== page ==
In Columbia Ruling, NLRB Indicates a Shift on Misclassification


Last week, in a landmark ruling, the NLRB ruled that a group of graduate students at Columbia University were entitled to union representation and collective bargaining rights on the grounds that they were not just students, but also employees of the university. The ruling, which overturned a precedent set by Brown University in 2004, expands collective bargaining rights for graduate assistants beyond state-funded institutions to include private universities.

At first glance, this ruling may not seem that significant for the labor movement writ large. After all, graduate students are a pretty tiny margin of the workforce. But in ruling that a segment of employees had been categorized improperly, the NLRB could be indicating a broader change for future rulings.

Many of the most pertinent attacks on labor rights in the last few years have come in the form of employee misclassification. By treating employees as independent contractors, employers can dodge prevailing wage laws, cut costs on expenses by passing them onto workers, and avoid paying costly benefits such as payroll taxes, health insurance, and worker’s compensation insurance. It’s an ongoing war where the Teamsters have fought and won battles with FedEx, Uber and port driver companies across the country.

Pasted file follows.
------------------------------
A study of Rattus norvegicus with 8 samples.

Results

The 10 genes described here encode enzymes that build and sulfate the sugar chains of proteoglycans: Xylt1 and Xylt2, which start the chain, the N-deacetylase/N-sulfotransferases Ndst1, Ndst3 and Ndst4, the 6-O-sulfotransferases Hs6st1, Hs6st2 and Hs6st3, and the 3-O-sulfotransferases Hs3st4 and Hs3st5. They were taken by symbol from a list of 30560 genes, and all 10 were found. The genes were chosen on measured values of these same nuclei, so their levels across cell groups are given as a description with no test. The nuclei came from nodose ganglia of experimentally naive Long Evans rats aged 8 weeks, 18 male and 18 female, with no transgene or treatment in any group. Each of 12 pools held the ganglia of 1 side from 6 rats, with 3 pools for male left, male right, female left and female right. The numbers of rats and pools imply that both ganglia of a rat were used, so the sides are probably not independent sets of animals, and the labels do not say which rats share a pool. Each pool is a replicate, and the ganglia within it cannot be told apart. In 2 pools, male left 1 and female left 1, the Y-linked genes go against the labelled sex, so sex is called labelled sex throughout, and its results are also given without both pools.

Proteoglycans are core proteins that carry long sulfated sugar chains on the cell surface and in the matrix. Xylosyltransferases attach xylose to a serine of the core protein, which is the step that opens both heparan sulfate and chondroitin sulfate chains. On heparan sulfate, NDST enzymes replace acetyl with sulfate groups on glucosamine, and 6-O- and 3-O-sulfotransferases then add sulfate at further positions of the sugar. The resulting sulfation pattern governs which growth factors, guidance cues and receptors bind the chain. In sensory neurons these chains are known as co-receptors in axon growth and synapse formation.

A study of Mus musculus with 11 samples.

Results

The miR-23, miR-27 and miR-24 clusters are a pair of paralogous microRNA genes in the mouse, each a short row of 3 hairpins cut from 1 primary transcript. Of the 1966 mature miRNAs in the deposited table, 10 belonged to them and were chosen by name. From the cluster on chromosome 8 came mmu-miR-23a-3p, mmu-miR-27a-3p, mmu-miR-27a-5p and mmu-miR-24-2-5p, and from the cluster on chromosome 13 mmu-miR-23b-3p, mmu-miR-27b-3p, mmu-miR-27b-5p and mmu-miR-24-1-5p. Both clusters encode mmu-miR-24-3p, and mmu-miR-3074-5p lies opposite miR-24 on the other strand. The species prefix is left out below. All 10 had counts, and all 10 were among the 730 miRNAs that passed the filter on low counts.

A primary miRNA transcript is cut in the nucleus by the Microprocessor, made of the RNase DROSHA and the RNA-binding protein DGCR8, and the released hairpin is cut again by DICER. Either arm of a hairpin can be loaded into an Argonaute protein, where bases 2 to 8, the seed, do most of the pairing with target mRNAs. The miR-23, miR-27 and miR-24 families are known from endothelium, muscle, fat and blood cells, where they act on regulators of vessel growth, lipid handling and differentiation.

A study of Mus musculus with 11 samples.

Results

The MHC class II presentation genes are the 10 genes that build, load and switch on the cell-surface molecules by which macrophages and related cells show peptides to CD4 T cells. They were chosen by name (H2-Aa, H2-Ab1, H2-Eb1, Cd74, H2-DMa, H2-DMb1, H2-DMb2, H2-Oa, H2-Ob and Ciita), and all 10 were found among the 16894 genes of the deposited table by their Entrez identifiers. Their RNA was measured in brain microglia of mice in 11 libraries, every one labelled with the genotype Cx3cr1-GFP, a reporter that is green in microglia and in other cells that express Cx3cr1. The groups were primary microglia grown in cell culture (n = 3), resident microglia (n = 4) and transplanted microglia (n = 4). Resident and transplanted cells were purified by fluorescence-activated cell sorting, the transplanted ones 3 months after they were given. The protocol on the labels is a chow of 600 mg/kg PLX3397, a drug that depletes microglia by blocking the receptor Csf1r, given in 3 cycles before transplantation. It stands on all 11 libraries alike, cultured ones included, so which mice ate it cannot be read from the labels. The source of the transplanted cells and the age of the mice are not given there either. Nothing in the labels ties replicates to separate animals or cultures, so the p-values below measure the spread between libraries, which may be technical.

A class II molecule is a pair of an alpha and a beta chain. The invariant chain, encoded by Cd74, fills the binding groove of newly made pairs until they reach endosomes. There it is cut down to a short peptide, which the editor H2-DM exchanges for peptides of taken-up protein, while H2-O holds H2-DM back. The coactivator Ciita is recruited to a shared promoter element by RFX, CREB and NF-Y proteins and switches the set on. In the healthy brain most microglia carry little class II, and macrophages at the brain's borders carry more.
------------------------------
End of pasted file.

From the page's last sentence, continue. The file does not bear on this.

That war, however, is just beginning. Uber, along with others that make up the so-called “sharing economy,” are trying to redefine the employer-employee relationship at the expense of worker protections, and these companies have valuations in the billions of dollars. Furthermore, many start-ups have business models that often thrive not on improving services or technological innovation, but the oldest profit-generating model there is: finding new ways to exploit workers.  

In explaining its ruling, the NLRB wrote, “The Brown University board’s decision … deprived an entire category of workers of the protections of the act, without a convincing justification in either the statutory language or the policies of the act.” The Columbia decision — which comes in the wake of Browning Ferris, another favorable ruling on a similar issue — indicates that the NLRB may be moving in the direction of a full-throated crackdown on misclassification. In what could end being one of the most critical labor fights of the 21st century, it’s a direction that the Teamsters and workers everywhere need the agency to be headed in.